Fourth Annual School Breakfast Video Contest Challenges Students to get Creative with Healthy Eating

The Massachusetts Department of Elementary and Secondary Education’s Child Nutrition Outreach Program and Project Bread are now accepting submissions for the fourth annual school breakfast video contest—School Breakfast: Eat. Film. Screen.


The contest challenges high school students across Massachusetts to submit a short video, no more than 30-seconds long, which encourages others to eat a healthy school breakfast. Each submission must demonstrate why it’s beneficial for teenagers to eat a healthy breakfast at school; it must include at least one scene in a school cafeteria; it must be fully created by students; and the meal featured must be a reimbursable school breakfast meal, meaning it contains at least three out of four of the following categories: milk, meat or meat alternate, vegetable or fruit, and grain.


“Studies continue to show that students who don’t eat breakfast are often distracted, restless, and don’t have the same level of success as others who eat breakfast,” said Ashley Krebs, director of Child Nutrition Outreach. “School Breakfast Videos, created by their peers, continue to be an effective way to reach these students. Their credibility, energy and creativity help us deliver the message of the importance of school breakfast in a way that really hits home with other students.”


To that end, a group of Project Bread Community Outreach Fellows—all current college students and recent graduates—has been visiting schools since the beginning of March, talking to students about the importance of eating a healthy breakfast and encouraging them to participate in the video contest.


Videos are judged by a panel consisting of representatives from the Massachusetts Department of Elementary and Secondary Education, the Child Nutrition Outreach Program and Project Bread. Judges look at accuracy of information and statistics, production quality, creativity and originality, and whether the video either promotes a current school breakfast program or encourages a new one. Points are also awarded for the inclusion of a cafeteria scene, a healthy breakfast, and a reimbursable breakfast.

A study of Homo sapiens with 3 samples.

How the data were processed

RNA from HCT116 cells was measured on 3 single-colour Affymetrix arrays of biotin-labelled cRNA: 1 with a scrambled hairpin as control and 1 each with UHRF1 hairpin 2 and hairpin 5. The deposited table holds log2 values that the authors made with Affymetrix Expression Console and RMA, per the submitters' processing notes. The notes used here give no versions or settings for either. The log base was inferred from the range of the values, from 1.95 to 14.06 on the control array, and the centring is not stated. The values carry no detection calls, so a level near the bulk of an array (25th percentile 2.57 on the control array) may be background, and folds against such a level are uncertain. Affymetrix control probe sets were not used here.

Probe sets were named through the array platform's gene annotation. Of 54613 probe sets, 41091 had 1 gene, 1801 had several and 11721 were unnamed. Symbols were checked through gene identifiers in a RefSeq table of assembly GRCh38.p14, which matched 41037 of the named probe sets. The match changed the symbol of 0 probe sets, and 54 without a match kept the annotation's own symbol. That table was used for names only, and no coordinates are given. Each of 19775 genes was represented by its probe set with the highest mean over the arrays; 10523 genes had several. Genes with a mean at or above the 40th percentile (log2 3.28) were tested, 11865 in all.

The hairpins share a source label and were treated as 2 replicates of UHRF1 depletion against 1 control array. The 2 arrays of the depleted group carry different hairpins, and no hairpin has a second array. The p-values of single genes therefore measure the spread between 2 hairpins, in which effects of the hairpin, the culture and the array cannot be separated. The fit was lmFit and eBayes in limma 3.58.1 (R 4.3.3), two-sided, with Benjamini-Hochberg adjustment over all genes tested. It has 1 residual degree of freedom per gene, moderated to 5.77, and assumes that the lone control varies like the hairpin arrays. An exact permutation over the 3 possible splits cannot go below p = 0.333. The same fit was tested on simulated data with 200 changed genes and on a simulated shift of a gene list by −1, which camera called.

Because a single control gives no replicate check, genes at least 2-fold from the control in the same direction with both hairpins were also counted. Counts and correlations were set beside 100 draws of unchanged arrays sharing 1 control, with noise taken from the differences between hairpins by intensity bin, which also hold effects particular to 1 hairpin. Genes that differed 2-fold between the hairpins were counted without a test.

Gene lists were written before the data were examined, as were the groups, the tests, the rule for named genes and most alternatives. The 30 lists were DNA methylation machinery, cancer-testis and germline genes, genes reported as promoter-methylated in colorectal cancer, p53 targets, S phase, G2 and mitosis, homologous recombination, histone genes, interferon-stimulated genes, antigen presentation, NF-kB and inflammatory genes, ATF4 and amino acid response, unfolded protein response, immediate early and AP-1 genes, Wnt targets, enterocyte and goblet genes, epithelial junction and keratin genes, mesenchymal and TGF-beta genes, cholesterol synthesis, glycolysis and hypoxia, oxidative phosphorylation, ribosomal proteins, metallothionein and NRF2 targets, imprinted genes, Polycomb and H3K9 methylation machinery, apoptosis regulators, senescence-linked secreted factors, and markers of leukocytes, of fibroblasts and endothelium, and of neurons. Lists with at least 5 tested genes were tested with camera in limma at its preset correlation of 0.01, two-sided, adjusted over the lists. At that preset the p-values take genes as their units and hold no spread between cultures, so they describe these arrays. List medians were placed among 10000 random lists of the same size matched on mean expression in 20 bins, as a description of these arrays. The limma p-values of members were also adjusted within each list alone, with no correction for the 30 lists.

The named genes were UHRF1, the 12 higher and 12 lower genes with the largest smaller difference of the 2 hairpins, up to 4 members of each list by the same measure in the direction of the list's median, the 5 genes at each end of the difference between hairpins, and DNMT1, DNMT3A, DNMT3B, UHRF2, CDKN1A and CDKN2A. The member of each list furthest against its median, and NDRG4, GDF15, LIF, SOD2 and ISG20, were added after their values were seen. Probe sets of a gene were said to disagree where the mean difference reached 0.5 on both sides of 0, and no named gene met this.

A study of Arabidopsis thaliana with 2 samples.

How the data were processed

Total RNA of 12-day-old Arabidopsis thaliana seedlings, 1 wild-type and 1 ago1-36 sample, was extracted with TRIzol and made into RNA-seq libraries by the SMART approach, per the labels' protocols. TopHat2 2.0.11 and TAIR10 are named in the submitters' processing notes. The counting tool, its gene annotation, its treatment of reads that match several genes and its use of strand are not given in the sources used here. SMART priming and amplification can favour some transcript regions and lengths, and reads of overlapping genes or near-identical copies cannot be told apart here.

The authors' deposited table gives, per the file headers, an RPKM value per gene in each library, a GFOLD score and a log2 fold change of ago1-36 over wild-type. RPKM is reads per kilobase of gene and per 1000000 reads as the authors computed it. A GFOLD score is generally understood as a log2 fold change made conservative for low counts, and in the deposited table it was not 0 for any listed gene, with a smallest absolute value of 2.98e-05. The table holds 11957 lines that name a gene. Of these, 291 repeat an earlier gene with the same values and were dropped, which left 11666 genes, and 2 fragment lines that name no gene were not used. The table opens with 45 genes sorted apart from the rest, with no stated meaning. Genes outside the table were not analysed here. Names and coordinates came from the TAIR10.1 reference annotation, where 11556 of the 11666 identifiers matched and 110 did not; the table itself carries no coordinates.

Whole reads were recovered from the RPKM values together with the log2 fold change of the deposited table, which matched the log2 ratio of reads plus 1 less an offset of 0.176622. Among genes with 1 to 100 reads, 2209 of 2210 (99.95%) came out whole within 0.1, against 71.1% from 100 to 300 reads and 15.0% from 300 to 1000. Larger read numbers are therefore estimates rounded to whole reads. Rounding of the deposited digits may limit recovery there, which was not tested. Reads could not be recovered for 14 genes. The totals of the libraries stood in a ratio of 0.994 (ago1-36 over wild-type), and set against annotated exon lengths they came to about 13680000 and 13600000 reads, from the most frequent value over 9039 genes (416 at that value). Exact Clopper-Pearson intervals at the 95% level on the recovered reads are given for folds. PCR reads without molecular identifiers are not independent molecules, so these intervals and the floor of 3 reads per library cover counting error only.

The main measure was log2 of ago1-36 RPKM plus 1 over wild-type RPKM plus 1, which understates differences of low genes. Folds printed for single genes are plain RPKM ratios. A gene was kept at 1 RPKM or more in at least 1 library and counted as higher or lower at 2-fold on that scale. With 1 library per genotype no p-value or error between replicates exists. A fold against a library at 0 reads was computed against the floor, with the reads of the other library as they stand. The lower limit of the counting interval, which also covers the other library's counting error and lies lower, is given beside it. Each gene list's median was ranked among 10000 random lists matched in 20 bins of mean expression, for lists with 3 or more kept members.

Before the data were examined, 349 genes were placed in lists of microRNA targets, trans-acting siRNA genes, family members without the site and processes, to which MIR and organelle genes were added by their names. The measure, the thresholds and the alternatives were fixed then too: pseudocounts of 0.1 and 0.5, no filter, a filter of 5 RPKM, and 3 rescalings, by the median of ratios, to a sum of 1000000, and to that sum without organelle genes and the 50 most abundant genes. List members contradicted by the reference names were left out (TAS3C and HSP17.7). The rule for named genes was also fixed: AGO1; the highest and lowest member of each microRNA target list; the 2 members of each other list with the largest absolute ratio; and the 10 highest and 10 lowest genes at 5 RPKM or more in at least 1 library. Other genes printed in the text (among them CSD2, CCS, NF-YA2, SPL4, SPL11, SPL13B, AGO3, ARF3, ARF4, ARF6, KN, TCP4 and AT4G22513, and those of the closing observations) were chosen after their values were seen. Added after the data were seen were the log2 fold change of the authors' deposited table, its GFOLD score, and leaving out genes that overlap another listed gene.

This year’s winning group will receive a $1,000 American Express gift card for their class and the video will be featured as part of community programming on WHDH-TV. The second place winner will receive a $300 gift card and the third place winner will receive a $200 gift card. Submissions can be entered by students, a classroom, or a school-recognized club with an established advisor.


The deadline to submit a video is Friday, April 4, 2014. The winner will be announced on May 5, 2014.  For specific contest guidelines and information or to order promotional materials to encourage students in your community to submit their winning video, visit www.meals4kids.org and click on “Video Contest.”



About Project Bread

Project Bread is the only statewide anti-hunger organization committed to providing people of all ages, cultures, and walks of life with sustainable, reliable access to nutritious food. From community-based meal programs, to early childhood and school nutrition initiatives, to improved access to farm-to-table resources, Project Bread approaches hunger as a complex problem with multiple solutions. With funds raised through The Walk for Hunger, the oldest continual pledge walk in the country, and other sources, Project Bread pioneers innovative initiatives and supports effective programs to eradicate hunger in our state. The Walk’s flagship sponsor is Freihofer’s Baking Company; its participating sponsors include Arbella Insurance Foundation and Raytheon Company. For more information, visit www.projectbread.org, www.facebook.com/projectbread, or www.twitter.com/walkforhunger.


About the Massachusetts Department of Elementary and Secondary Education

The Massachusetts Department of Elementary and Secondary Education, sometimes referred to as the Massachusetts Department of Education, is the state education agency for the Commonwealth of Massachusetts. It is responsible for public education at the elementary and secondary levels, and is governed by the Massachusetts Board of Education. For more information, visit www.doe.mass.edu.